In the first part of this two-part series, we covered the various diverse perspectives that are emerging on Farm Loan Waivers in India and presented a new perspective – linking Commodity Spot Markets with short-term credit linkage initiatives to enhance famers’ bargaining power that will lead to better realisations for their agriculture produce.
Before we deep dive into this new perspective, let’s first understand the current agri-finance ecosystem in India. National Bank for Agriculture and Rural Development (NABARD) is the apex agri-finance institute in India that is dedicated to provide agricultural credit to farmers and National Cooperative Development Center (NCDC) is dedicated to fund Cooperatives. Further, the government runs Price Support Schemes (PSS) through its two main entities – Food Corporation of India (FCI) and National Agricultural Cooperative Marketing Federation of India (NAFED) to support farmers get remunerative prices as per the prices fixed by the Cost and Accounts Committee On Prices (CACP).
While the government is doing its best to help farmers through these institutions and various agri initiatives like higher MSPs, Soil Health Cards, Operation Green to help TOP (Tomato, Onion, Potato) farmers, Crop Insurance, etc., more needs to be done to revive India’s ailing agri sector and achieve the Hon. Prime Minister’s vision of doubling farmers’ incomes by 2022.
In isolation, credit measures like loan waivers, interest subventions, market reforms, etc. can create only a limited impact. But together, the impact can be significantly higher owing to the synergies and the reinforcing effects that each one of these have on the other.
One of the main grievances of farmers, especially Smallholder Farmers (SHFs) is not getting adequate prices for their produce. The primary reason for this is a lack of direct market access that keeps them dependent on a long chain of intermediaries to market their produce, which ends up with the farmers getting the lowest share of the consumers’ wallets. To empower farmers to unshackle themselves from the vicious circle of intermediaries that leave them bereft of market prices, the need of the hour is to encourage more e-Market platforms that directly connect farmers and buyers in a transparent trading ecosystem.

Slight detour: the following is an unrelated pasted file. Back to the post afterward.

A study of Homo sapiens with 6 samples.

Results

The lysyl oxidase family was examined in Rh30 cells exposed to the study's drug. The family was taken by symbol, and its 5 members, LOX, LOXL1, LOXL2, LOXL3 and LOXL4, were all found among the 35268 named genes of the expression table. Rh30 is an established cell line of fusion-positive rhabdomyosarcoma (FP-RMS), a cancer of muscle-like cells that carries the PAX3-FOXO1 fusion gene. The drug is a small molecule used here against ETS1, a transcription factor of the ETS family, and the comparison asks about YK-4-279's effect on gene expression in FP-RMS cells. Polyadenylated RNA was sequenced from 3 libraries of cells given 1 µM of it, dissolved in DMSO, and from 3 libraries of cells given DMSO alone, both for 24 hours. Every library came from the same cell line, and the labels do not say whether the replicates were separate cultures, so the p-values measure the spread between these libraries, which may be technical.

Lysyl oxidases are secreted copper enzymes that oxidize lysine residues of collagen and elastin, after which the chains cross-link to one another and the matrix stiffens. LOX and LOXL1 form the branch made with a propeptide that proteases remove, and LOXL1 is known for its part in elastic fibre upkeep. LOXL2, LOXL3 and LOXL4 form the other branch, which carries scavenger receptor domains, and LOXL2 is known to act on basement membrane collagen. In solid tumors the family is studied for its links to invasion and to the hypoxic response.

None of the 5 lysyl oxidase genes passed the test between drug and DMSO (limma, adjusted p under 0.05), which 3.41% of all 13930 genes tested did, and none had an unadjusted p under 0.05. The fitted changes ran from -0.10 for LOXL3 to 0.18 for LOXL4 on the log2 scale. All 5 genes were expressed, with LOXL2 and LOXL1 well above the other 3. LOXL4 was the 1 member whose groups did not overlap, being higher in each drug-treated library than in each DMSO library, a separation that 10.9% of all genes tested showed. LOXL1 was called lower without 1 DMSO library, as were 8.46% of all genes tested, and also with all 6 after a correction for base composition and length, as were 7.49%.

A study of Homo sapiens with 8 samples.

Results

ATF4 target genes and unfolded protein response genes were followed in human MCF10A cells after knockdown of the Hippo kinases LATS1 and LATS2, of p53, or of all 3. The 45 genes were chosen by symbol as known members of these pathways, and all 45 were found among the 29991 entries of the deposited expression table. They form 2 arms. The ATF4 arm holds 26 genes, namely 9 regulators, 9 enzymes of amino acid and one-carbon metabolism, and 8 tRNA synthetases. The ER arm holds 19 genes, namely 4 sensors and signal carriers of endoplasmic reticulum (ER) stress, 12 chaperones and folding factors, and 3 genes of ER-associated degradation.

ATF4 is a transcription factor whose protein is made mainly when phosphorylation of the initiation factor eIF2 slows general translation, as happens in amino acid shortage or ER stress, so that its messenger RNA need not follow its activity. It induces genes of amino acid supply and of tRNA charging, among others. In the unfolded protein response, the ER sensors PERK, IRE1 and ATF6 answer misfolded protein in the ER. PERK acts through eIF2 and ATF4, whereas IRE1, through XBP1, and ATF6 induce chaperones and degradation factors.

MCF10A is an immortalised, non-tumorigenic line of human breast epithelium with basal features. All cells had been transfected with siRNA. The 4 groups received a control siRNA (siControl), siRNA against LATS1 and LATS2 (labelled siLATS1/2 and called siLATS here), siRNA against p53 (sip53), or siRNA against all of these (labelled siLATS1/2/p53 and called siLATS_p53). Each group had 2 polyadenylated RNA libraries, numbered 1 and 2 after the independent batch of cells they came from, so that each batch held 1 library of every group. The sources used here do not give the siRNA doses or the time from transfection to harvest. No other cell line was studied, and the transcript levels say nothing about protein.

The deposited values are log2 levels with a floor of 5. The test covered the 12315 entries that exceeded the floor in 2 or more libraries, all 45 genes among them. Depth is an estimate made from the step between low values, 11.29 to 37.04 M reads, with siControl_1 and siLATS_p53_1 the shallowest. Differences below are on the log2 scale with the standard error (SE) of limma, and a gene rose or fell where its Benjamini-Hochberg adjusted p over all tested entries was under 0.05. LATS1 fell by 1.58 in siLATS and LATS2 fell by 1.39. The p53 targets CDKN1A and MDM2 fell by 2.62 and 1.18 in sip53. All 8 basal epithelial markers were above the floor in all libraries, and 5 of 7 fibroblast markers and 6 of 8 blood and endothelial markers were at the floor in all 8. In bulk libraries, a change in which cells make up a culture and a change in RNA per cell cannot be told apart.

A classic example is Karnataka’s Unified Market Platform (UMP) that has completely transformed the state’s primary agri markets by seamlessly connecting all the Agricultural Produce Market Committees (APMCs) in the state on a single e-trading platform. Benefitting 5.2 million farmers in the state, the UMP empowers farmers to sell their produce to the highest bidder across any APMC in the state. As on date, the UMP has seamlessly connected 164 APMCs in Karnataka and farmers have traded agricultural produce worth Rs. 75,690 crores through the UMP that has resulted in their income being enhanced by over 38%.
From the story of Muzaffarpur’s Litchi Growers directly selling their produce in Chennai’s markets, to Odisha’s Sweet Potato farmers selling their produce online, to Punjab’s Kinnow farmers selling their produce to distant markets in South and East India without any intermediaries in between, there are many success stories that are a testimony to e-Market platforms’ prowess in empowering farmers by making them the real masters of their produce.
To truly tackle agrarian crisis, India needs empowered farmers, not temporarily pacified ones. The need of the hour is to introduce an “out of box” agri policy that creates efficient marketplaces where credit and markets come together and work hand in hand.